IRAQ: In the fledgling ski resort of Korek in war-torn Iraq, the only battles are snow fights between visitors who often leave their traumatic memories at the foot of the slopes.

cultureweathertourismdisasters
By AFP

Sunday 12 February 2017, 04:00PM


The Korek ski resort is located on top of Korek Mountain at the altitude of 2000 metres, 100 kilometres north of Arbil, and is the first resort of its kind in Kurdistan and Iraq. Photo: Safin Hamed/AFP

The Korek ski resort is located on top of Korek Mountain at the altitude of 2000 metres, 100 kilometres north of Arbil, and is the first resort of its kind in Kurdistan and Iraq. Photo: Safin Hamed/AFP

That’s what Fawaz Behnam and many of the children and adults frolicking in knee-deep powder around him like about the idyllic tourist spot.

He and his family were in Mosul when the Islamic State group seized the city in 2014, forcing them to flee, leaving their home and their jewellery shops behind.

“We were very tired and we want to have some fun. Look at the people here enjoying themselves, not like in Mosul,” said the 35-year-old, his face flush from the bright sun and cold wind.

Korek lies in Iraq’s northern autonomous region of Kurdistan, where hundreds of thousands of Iraqis displaced by the 2014 jihadist offensive have found refuge.

“You can see the great atmosphere,” said Behnam’s brother-in-law Anmar Munir, a young accountant who also lives in the Kurdish city of Dohuk, further west.

“People are relaxed and enjoying themselves. This of course takes us away from the atmosphere of murder, displacement and persecution,” he said.

About 120 kilometres to the west, Iraqi forces have spent the past four months battling jihadists to retake Mosul, IS’s last major stronghold in the country.

Fawaz and Anmar are among the luckiest displaced who can afford to travel to Korek but hundreds of thousands are spending their third winter in displacement camps.

At a snow festival organised in Korek by the regional government, groups of young people, some in proper winter attire but many wearing flimsy city shoes, broke into traditional dance and enjoyed some of the activities available there.

Dozens queued for a ride on a zip-line, others raced each other on sleds and the most adventurous signed up for their first skiing class on a baby piste – but the most popular sports remained snow fighting and selfie snapping.

Nader Rusty, a spokesperson for the regional government’s tourism ministry, has other ambitions for Iraq’s only mountain resort than just offering relief to victims of conflict.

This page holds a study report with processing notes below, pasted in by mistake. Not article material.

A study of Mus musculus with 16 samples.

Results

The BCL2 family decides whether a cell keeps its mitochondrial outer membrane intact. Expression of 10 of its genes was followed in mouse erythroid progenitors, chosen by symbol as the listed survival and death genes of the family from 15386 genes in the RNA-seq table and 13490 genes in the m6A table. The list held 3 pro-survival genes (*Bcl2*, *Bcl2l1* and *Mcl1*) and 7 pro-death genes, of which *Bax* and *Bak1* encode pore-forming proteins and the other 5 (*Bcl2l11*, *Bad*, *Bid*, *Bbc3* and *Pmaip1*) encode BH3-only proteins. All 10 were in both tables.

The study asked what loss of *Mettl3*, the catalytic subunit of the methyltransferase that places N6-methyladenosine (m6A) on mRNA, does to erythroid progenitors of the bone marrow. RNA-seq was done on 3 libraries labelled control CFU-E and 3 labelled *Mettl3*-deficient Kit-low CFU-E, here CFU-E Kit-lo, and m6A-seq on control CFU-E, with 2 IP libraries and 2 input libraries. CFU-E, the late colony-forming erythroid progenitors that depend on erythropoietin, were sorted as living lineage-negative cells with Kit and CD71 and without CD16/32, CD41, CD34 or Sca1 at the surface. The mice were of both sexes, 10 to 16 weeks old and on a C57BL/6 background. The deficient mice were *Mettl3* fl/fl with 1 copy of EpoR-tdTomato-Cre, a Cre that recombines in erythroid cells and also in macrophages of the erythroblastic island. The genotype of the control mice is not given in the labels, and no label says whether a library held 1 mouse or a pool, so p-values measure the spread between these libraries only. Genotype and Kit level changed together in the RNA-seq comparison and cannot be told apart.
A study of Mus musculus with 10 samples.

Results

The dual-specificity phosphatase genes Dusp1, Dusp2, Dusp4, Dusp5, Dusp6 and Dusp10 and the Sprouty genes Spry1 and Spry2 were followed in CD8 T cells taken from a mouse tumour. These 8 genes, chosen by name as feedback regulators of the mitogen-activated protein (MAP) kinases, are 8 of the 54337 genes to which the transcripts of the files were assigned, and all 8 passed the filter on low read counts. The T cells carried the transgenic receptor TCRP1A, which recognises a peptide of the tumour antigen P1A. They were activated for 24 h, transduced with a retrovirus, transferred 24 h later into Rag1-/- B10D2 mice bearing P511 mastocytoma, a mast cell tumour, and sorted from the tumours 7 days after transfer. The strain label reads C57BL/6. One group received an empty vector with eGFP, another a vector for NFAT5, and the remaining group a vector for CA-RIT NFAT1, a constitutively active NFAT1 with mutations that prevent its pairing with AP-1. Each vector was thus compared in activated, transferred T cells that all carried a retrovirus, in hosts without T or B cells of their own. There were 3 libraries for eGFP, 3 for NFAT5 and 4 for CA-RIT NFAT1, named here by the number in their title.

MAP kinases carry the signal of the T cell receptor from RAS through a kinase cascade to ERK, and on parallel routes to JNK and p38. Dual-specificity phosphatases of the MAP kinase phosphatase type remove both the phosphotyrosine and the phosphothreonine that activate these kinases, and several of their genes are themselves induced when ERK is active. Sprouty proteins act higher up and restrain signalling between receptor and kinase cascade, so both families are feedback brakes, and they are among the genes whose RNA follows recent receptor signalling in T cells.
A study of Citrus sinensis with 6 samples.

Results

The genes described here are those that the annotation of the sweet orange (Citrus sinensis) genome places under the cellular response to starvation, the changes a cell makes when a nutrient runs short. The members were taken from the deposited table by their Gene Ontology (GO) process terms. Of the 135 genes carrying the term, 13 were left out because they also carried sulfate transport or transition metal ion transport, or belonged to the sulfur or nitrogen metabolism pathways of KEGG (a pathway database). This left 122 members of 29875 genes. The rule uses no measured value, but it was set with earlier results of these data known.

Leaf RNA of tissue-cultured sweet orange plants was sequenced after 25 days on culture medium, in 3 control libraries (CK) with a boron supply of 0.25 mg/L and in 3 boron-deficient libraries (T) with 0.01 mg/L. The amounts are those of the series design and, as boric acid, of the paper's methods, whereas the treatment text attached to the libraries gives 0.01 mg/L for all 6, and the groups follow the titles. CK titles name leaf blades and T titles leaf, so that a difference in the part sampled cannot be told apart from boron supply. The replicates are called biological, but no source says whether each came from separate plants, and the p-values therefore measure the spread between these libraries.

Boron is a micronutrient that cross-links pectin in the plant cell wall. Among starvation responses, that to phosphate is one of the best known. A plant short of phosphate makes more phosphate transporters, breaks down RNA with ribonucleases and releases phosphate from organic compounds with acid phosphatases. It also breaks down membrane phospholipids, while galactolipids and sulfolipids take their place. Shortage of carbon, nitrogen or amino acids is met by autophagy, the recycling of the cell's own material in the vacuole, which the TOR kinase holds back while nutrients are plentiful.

“We organise this snow festival every year. It’s very important to improve tourism in general and winter tourism in particular,” he said.


2014 was supposed to be a take-off year for Kurdistan’s tourism industry and Korek was one of its flagship projects.

However the devastating human and economic impact of the IS offensive that year and the subsequent war to retake lost territory left Kurdish dreams in tatters.

“Our target was seven million (tourists) by 2025 but because of the war, our plan has changed,” said Nader Rusty.

For now Korek lacks a ski lift but it boasts a state-of-the-art Austrian-built cable car and swanky chalets.

James Willcox, a co-founder of adventure travel company “Untamed borders”, was in Korek for the snow festival with a group he believes was on the first ever commercial skiing trip to Iraq.

“We were skiing nearer to Haj Omran, where the mountains are bigger and we were lucky that there has been lots of snow,” he said.

“So we took one day to come here to ski, to listen to the music, to eat and to enjoy the festival,” said Willcox, who also organises holiday trips to places such as Somalia and Chechnya.

Rohan Lord came all the way from New Zealand to ski in Iraq.

“The skiing is fantastic. The snow is fantastic. The hospitality has been brilliant,” he said. When asked about the conflict unfolding in Iraq, he said: “We were nervous, there’s no doubt about it.”

For Mohammed Ghanem, a student from Fallujah – a city west of Baghdad which Iraqi forces retook from IS jihadists last year – the main appeal of Korek is precisely its remoteness from war.

“There is no nature like this (in Fallujah), nor any such safety. There are only explosions. You never feel safe and when you go out you are scared of car bombs or of being detained,” he said.